The pollen count numbers recorded in March usually do not occur until the middle of April, according to a Rutgers University allergy specialist.

New Jersey just finished the warmest March month on record, said New Jersey State Climatologist Dave Robinson.

New Jersey also registered the highest pollen count on record, according to Leonard Bielory, M.D., an allergy specialist with the Rutgers Center of Environmental Prediction at the School of Environmental and Biological Sciences. He’s been researching the data for the past 25 years and has not seen anything quite like it.

“The numbers we saw in March normally do not occur till mid-April, with birch pollen release," he said. "Such numbers have not been recorded since 1994/1995."

Bielory and colleagues at the Center for Environmental Prediction have been studying the impact of climate change in New Jersey and throughout the U.S. for the potential impact of allergies.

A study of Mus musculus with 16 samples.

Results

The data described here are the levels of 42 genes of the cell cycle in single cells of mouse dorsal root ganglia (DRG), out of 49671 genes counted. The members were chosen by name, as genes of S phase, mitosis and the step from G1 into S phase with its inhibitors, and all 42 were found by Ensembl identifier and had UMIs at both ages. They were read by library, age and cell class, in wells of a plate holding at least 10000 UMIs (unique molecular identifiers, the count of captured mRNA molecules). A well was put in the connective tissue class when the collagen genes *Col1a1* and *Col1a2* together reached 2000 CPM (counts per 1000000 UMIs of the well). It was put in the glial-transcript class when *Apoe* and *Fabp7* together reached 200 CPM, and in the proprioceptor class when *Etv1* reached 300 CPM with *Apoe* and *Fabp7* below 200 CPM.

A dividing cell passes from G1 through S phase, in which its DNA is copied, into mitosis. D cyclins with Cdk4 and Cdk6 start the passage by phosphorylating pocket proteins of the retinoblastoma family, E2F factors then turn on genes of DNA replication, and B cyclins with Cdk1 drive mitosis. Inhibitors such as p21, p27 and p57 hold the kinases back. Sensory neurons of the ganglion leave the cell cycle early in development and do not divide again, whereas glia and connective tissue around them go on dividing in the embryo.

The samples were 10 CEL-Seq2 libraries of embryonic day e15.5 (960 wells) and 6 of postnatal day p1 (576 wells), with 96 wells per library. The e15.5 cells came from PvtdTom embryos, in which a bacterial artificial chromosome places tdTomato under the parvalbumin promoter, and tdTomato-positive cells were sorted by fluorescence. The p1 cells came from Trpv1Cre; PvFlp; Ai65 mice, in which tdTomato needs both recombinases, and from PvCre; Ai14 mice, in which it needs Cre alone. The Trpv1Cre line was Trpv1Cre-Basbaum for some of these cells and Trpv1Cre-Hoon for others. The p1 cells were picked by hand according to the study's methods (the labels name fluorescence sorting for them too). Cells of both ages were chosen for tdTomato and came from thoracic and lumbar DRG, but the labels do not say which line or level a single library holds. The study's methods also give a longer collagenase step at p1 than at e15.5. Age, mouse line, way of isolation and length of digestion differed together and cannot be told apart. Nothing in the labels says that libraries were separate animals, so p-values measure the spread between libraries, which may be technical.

Bielory is also director of the STARx Allergy and Asthma Center in Springfield. He is a certified member of the National Allergy Bureau of the American Academy of Allergy, Asthma and Immunology's Aeroallergen Network that is responsible for reporting current pollen levels to the public. His responsibilities include providing up-to-date pollen information online at NYNJPollen.com and to the NAB website

Khürt Williams April 08, 2012 at 05:09 PM
This has been the worst year for my allergies. The season started two week early and the unusually high count has caused me some allergy induced asthma.